Like the best making-of books, Jane Hamsher’s Killer Instinct(now out in trade paperback from Broadway, $13) is less about a specific movie — in this case,Natural Born Killers— than it is about a stew of egomaniacal, ambitious, or inept personalities boiling over. It makes for tasty reading, though I sure wouldn’t have wanted to be there. Hamsher produced NBK with her business partner Don Murphy (whom she clearly adores as a friend and highly respects as a partner, even though she spends half the book goofing on him); she was the logical left brain, he was the hot-headed right brain, and they were surrounded by no-brains — including the touted geniuses Oliver Stone and Quentin Tarantino, whom Hamsher characterizes as textbook cases of arrested development.
Hamsher is a witty writer, sometimes devastatingly so; it seems to me that women who struggle in power positions in Hollywood always have sharper senses of humor (perhaps out of necessity) than the analogous male players. She often appears to be the only sane person working on the movie, though she admits that eating ‘shrooms with Oliver and company in the desert wasn’t impeccable judgment on her part. The book chronicles the making of NBK from its humble genesis as a nearly-forgotten Tarantino script to its red-hot post-O.J. release in August 1994, when it scandalized critics and tantalized Gen-Xers. By then, Hamsher felt as if she’d been through combat — a good way to describe working with Oliver Stone, who likes to stir up conflict and emotion on his sets.
The production, in retrospect, reads like a recipe for catastrophe. Filming the riot scenes in a real Chicago prison, with real prisoners, resulted in a real prison riot — well, duh … did nobody see that coming? (In the film, when Tommy Lee Jones gets pegged in the head with a milk carton and the milk drips down his face, that was real — a prisoner chucked the milk, it hit Tommy Lee, he didn’t break character, and Stone kept it in the film.) Hamsher has 20-20 hindsight, but she convinces us that, with a chaotic project like NBK, it becomes almost impossible to tell what’s insane and what’s just business as usual. At its best, the book is about two ambitious young producers who attached themselves to a script they liked and ended up enduring the ultimate baptism by fire.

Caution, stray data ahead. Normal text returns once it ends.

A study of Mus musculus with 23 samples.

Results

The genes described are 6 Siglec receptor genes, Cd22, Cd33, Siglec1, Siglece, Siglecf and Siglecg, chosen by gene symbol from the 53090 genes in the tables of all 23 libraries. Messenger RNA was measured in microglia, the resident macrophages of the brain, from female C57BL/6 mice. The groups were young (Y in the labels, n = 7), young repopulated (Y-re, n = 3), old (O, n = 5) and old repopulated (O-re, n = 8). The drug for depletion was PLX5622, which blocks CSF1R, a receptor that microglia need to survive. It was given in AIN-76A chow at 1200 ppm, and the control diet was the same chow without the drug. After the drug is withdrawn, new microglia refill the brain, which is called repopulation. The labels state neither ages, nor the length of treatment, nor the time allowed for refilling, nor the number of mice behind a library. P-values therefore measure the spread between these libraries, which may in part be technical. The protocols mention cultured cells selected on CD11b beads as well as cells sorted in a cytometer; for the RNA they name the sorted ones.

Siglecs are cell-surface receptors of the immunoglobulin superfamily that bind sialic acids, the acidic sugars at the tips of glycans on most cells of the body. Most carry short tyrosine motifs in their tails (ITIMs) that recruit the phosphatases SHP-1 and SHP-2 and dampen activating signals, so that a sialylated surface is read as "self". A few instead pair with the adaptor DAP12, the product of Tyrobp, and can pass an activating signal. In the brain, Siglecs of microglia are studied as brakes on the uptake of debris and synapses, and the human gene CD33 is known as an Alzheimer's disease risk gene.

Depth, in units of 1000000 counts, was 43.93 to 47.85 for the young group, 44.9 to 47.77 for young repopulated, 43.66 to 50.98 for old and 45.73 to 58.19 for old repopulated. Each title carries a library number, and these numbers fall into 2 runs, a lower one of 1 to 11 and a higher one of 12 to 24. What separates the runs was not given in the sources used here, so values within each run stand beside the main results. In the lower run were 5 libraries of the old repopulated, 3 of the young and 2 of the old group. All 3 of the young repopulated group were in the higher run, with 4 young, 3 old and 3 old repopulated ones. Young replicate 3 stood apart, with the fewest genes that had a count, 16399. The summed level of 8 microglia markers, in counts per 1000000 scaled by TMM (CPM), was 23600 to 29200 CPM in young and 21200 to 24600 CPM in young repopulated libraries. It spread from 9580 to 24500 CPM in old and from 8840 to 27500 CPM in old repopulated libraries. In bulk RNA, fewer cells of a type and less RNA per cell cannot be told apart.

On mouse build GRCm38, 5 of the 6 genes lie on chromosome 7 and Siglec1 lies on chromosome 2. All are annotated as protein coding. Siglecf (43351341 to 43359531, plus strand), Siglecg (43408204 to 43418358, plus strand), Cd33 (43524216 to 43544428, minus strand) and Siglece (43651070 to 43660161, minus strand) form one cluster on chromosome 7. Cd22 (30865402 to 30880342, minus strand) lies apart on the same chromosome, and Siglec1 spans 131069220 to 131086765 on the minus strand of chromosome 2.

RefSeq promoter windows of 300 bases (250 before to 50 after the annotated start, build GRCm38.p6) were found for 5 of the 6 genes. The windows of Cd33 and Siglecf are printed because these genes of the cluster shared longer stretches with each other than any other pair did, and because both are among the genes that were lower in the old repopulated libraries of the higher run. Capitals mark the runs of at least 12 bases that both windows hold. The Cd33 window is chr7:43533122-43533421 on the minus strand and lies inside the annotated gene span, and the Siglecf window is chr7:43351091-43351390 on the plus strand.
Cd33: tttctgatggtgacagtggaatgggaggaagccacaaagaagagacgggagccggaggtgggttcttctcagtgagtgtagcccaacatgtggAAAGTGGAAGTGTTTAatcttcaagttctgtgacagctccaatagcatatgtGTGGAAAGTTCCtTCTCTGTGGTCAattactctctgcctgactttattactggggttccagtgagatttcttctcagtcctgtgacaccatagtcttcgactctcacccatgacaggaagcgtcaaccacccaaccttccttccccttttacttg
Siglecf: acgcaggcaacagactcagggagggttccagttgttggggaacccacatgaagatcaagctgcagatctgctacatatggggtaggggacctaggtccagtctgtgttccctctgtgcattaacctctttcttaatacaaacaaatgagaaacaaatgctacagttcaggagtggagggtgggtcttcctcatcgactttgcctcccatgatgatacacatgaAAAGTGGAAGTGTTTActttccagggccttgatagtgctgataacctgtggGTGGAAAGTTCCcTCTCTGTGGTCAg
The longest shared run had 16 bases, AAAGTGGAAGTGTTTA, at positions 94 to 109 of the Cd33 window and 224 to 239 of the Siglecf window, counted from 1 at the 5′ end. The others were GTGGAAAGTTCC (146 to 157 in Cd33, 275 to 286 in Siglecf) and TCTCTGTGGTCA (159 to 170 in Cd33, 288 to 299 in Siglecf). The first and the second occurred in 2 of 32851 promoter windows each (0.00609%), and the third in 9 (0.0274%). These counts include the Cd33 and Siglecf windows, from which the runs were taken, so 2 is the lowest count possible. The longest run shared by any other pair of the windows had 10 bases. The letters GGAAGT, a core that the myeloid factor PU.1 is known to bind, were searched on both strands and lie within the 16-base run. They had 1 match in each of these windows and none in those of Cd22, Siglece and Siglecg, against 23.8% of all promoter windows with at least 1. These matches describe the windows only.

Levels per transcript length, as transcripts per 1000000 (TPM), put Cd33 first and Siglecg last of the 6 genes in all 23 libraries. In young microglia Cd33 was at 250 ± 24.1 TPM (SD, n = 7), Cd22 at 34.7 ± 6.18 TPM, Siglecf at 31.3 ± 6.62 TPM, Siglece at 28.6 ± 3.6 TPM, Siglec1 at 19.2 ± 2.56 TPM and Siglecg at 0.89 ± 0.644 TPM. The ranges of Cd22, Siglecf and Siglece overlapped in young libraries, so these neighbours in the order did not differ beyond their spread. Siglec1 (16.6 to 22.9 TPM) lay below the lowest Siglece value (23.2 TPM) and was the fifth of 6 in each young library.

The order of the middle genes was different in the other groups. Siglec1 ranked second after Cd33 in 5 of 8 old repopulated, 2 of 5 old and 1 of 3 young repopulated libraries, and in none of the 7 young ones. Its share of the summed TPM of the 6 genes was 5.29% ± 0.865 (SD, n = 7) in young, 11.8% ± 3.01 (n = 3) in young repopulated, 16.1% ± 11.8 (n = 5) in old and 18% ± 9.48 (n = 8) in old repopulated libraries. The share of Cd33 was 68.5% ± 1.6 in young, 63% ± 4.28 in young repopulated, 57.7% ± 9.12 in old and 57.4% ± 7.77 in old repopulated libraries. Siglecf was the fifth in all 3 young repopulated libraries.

Oddly enough, the people you’d expect a producer to slam in a Hollywood memoir — the stars — are gently treated. Cynics may say that Hamsher just doesn’t want to jeopardize her star relationships, but in this case she seems genuine; her descriptions of the stars don’t seem out of character for them. Woody Harrelson, Juliette Lewis, and particularly Robert Downey Jr. are shown as nice, down-to-earth people who get sucked into the vortex that is NBK. Hamsher reserves her venom for the men in charge.
Hamsher’s take on Stone is realistically hot-and-cold: sometimes she hates him, sometimes she kind of likes the guy (Stone knows how to turn on the charm when he wants to). Her take on Quentin is pretty consistently disdainful, but Quentin is a saint compared to some of the friends surrounding him, like Rand Vossler. Eventually credited as a co-producer on NBK (for doing nothing — he was given the credit, basically, to pacify him), Vossler is painted here as an egotistical crybaby who threatened to hold up Hamsher and Murphy in court so he could regain the rights to NBK and direct it himself. According to Hamsher, both Stone and Tarantino are talented men irreparably damaged by all the yes-men and kiss-asses surrounding them. (There’s a bit of mournful respect for Roger Avary, who, it turns out, is pretty much responsible for Quentin’s career: he wrote a script called The Open Road, which Tarantino expanded into a monstrous 400-page epic from which he later cannibalized almost every script he’s written. If you want back-up for an argument that Tarantino is little more than a parrot for other people’s work, this is the book you want in your corner.)
Killer Instinct is sinfully readable; I rocketed through it in two days, and when it was over I leaned forward a little, as if I were in a speeding car that slammed on the brakes — I wanted more. Well, Hamsher and Murphy are now producing the upcoming Apt Pupil, a Stephen King adaptation with its own controversy and problems (related to whether director Bryan Singer coerced teenage boys to appear naked in a shower scene). Maybe that mess will yield its own tell-all book, and I hope Hamsher survives to tell the tale.